Death from Above: Microbial communities & disease pressure from forest floor to canopy

Mentor's name(s)

Dr. Erin Spear, STRI Staff Scientist.

Location of internship. Will mentor be at this location?

Gamboa and Parque Natural Metropolitano

Project summary

Utilizing STRI’s canopy access crane in the seasonally dry forest of Parque Natural Metropolitano (PNM), this multifaceted and multi-year project: (a) assesses whether adult trees are reservoirs of disease for understory juveniles (an assumption of the Janzen Connell Hypothesis); (b) identifies key dispersal mechanisms of micro-fungi; (c) explores the vertical turnover of microbial communities from forest floor to canopy; (d) investigates the role of abiotic factors (e.g., temperature, ultraviolet radiation) in microbial turnover; (e) determines whether a disease gradient is correlated with vertical abiotic gradients; (f) evaluates pathogen sharing between phylogenetically unrelated but sympatric trees; and (g) captures interannual changes in microbial community composition and disease levels. To date, the latter includes a normal precipitation year and the driest year on record. This project involves lab-based work culturing, molecularly identifying fungi, and assessing fungal tolerance of abiotic stressors (e.g., temperature & UV); greenhouse-based inoculation experiments to assess host range and how plant-pathogen interactions respond to elevated temperature; and field-based collections of diseased leaf tissue, airborne and rainwater-dispersed spores, and soil.

Mentorship goals

Interns will gain practical experience with core field, lab, and analytical skills. Interns are encouraged to consider the broader impacts and science communication of the project by developing relevant social media posts and/or a short article for the STRI newsletter. Research and career guidance is available from Dr. Spear as well as other team members in one-on-one and regular lab meetings. Additionally, interns are encouraged to attend weekly STRI seminars, exposing them to a wide range of research topics and providing an opportunity to interact with the broader STRI community. The ultimate goal is that interns’ active participation and unique contributions to the project result in the opportunity to coauthor at least one scientific paper. Finally, interns would be joining an inclusive scientific community (the broader STRI community and our lab), as well as building a network of research mentors at various career stages and potential future collaborators.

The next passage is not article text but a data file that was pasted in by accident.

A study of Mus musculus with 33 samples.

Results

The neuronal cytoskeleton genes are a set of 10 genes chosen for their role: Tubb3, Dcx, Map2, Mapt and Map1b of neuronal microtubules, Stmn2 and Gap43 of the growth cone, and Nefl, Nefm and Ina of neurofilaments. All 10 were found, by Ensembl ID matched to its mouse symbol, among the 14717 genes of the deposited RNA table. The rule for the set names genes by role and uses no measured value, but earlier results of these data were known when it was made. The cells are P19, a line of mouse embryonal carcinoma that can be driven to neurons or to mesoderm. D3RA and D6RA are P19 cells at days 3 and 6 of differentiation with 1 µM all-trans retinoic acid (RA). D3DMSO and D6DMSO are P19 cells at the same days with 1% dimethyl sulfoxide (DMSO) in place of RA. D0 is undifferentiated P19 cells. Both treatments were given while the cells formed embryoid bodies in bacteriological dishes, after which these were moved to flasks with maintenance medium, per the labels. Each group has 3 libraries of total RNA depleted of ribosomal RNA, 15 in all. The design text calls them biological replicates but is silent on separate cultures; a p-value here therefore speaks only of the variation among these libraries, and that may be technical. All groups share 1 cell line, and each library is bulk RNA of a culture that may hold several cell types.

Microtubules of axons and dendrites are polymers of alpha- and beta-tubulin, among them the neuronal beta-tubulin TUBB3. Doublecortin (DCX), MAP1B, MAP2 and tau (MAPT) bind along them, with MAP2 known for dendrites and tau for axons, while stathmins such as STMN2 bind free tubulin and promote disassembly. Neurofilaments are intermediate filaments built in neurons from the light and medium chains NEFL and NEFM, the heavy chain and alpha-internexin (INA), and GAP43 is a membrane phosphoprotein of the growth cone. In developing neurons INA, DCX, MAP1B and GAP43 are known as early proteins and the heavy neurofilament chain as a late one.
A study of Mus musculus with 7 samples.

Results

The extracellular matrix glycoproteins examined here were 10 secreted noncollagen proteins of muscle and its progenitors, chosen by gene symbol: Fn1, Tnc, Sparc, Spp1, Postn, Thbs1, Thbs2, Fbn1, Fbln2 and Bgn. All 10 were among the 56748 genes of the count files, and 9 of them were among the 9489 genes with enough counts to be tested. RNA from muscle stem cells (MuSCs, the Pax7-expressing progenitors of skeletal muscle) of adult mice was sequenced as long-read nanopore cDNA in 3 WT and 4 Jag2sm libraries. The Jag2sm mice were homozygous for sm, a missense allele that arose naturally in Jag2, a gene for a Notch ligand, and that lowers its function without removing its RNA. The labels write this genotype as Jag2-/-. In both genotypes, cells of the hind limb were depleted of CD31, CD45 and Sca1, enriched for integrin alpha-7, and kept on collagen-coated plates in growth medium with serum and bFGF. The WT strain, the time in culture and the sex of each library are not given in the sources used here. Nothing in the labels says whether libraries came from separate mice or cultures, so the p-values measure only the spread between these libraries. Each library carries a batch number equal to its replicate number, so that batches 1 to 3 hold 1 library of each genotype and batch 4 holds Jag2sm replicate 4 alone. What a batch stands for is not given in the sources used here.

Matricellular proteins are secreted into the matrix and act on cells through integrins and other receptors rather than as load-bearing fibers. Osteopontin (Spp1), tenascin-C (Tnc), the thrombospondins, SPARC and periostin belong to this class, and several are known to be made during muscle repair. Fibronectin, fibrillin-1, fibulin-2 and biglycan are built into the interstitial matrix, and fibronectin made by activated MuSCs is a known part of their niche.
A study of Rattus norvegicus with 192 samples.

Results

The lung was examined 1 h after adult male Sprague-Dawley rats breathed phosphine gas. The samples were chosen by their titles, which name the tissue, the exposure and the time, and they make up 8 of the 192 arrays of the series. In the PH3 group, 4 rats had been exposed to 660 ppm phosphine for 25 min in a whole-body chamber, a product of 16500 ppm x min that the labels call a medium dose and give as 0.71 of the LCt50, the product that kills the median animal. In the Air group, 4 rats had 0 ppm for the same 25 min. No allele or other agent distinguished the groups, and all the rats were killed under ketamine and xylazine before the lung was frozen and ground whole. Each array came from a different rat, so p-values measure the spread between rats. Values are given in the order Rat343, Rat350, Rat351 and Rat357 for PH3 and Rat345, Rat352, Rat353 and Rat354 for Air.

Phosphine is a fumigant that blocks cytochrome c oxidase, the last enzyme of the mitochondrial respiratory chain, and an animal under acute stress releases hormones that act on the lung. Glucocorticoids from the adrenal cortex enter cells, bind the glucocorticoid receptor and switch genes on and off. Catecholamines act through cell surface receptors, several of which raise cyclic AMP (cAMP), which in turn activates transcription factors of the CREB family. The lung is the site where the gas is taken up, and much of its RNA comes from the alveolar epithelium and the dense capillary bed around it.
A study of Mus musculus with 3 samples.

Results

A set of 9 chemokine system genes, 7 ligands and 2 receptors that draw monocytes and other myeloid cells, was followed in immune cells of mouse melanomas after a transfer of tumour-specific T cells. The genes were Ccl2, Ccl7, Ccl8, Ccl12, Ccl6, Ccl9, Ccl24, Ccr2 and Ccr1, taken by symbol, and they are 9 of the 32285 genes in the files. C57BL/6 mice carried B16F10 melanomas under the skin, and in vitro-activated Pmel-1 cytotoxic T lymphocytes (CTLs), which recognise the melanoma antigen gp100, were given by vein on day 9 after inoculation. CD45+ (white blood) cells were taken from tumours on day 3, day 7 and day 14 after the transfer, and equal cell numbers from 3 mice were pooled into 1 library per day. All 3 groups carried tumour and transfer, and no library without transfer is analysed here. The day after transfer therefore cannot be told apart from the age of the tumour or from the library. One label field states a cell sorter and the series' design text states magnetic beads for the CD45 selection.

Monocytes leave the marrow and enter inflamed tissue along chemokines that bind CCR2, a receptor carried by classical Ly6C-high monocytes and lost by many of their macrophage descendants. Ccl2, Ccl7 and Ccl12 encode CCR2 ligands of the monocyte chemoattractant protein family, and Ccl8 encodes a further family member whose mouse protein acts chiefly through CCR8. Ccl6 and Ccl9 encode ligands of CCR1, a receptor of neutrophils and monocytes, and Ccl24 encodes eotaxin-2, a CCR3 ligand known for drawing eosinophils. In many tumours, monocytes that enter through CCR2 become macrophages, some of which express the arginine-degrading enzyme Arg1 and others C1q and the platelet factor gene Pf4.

Desired background

Understanding of botany, mycology, and biology. No fear of heights

  • Accurately and effectively entering data in spreadsheets.
  • Using the statistical program R, at a minimum for descriptive statistics.
  • Using aseptic technique to culture microorganisms and/or extract and amplify DNA.
  • Working in the field, particularly in hot and humid conditions with insects.

Intern’s role and expected product

This is a full-time appointment for a 3-month period. Interns are expected to devote ~40 hours per week to research. Expected time allocation: 10% fieldwork (Parque Natural Metropolitano), 75% laboratory work (Dr. Spear’s lab in Gamboa), 15% entering and analyzing data and writing. Each intern is expected to produce and present an informal report on results and outcomes to the lab group. The intention is that the final report will be incorporated into a peer-reviewed scientific publication, with the intern as a co-author.

Suggested background readings

  • Gilbert, G. S. (1995). Rain forest plant diseases: the canopy—understory connection. Selbyana, 75-77.
  • Lodge, D. J., & Cantrell, S. (1995). Fungal communities in wet tropical forests: variation in time and space. Canadian Journal of Botany, 73(S1), 1391-1398.
  • Spear, E. R., & Broders, K. D. (2021). Host‐generalist fungal pathogens of seedlings may maintain forest diversity via host‐specific impacts and differential susceptibility among tree species. New Phytologist, 231(1), 460-474.